It was well-known in Hollywood that some of the original white blonde celebrities like Jean Harlow, Marilyn Monroe, Jayne Mansfield and Mamie Van Doren.
It has been reported that Jean Harlow had a hair dresser used a special cotton tipped stick and some mixed bleach to carefully touch-up her dark roots at least once a week to make sure her snowy white hair remained pure as the driven snow.
In the days of Jean, platinum blondes were relatively rare and it was important to give the illusion it was natural blonde, even though in Jean's case it wasn't.
Of course Marilyn, Jayne and Mamie were also bottle blondes as they were called back in the day.
Modern day platinum blondes include Pamela Anderson, Christina Aguilera and Lady Gaga, to name just a few. Men have joined the bleached hair brigade and one of the best platinum male blondes today is Blogger Perez Hilton.
Most hair experts don't recommend you bleach your own hair at home unless you have a long history of successfully doing so, are a hairdresser or have one readily available.
Bleaching is still considered one of the most damaging processes you can put your hair through. Why?
Bleach, regardless of the type used, is defined as an active agent. This means that even after the bleach is completely rinsed from your hair, it will continue to have an effect.
Whether your hair is bleached by a professional haircolorist, which is definitely recommended, or DIY, it's always important to make sure your hair is healthy enough to handle it.
If you want to go white blonde with bleach, consider partnering your white white strands with a much short cut. This is the best way to rock bleached blonde with minimal damage to your ends.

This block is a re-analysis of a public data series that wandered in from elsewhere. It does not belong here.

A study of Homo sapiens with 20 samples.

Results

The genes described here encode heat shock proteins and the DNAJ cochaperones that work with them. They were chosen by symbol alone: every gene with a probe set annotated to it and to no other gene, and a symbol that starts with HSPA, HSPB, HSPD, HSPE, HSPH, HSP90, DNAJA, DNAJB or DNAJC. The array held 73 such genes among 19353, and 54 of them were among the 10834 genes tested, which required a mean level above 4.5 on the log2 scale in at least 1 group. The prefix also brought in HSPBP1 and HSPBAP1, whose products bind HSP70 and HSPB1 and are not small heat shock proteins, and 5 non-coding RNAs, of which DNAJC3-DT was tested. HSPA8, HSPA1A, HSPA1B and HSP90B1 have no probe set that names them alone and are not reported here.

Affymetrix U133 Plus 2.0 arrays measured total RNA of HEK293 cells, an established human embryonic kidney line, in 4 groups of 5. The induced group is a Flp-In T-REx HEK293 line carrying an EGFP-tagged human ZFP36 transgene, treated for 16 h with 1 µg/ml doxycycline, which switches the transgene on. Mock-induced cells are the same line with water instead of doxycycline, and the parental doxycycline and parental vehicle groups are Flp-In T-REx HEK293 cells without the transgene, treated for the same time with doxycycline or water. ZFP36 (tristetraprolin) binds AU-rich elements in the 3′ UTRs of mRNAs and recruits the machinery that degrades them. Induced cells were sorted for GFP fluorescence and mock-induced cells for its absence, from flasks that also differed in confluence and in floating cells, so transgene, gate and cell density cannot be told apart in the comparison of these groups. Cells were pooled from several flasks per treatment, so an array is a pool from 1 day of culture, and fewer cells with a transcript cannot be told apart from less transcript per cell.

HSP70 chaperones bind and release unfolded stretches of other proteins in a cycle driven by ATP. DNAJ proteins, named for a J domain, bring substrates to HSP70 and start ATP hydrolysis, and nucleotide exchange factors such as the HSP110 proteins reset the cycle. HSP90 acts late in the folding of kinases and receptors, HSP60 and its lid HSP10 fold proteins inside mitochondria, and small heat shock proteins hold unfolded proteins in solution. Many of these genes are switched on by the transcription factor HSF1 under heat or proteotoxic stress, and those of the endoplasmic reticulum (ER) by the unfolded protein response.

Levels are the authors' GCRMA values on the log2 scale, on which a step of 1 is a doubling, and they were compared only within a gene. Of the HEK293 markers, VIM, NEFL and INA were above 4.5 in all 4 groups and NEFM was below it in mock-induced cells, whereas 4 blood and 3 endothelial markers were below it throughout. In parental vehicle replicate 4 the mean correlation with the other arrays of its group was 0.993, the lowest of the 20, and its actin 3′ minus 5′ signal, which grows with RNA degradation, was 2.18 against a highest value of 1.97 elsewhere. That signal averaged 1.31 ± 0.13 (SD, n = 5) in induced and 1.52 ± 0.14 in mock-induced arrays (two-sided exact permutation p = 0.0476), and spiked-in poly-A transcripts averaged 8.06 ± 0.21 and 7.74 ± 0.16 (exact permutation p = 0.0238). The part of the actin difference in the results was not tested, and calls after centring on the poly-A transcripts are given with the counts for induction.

Bleach Has Fallen Out Of Favor In Some Circles
Hard core bleaching has been replaced, especially over the past few years, with much softer and natural looking blondes which combine highlights and lowlights for more dimension.
The reason bleach has fallen out of favor is because it can permanently damage hair causing it to become brittle and suffer from a loss of natural elasticity.
Touching Up Just The Roots
If you do your bleach at home and your natural hair is a dark color, you will have to be meticulous about keeping your roots retouched. Dark roots against platinum white hair will be much more noticeable than some of the highlight/lowlight color schemes utilized by many hair colorists.
A very common question is whether or not you should touch up just your roots or all of your hair.
The answer is to only touch up your roots and be extremely careful not to overlap onto previously bleached hair. Which explains why Jean Harlow's hairdresser touched up her roots with a cotton stick dipped in bleach. That allowed her hairdresser to be completely precise about making sure there was no risk of overlapping.
Why? Because if you continued to overlap from the new roots to the original bleached hair, there is a danger of discoloration, breakage at the overlap line and brittleness.
Bleaching hair has been proven to damage the internal structure of the cuticle. If you love the white blonde look, be sure to use special care with any type of touch-up, maintenance or aftercare.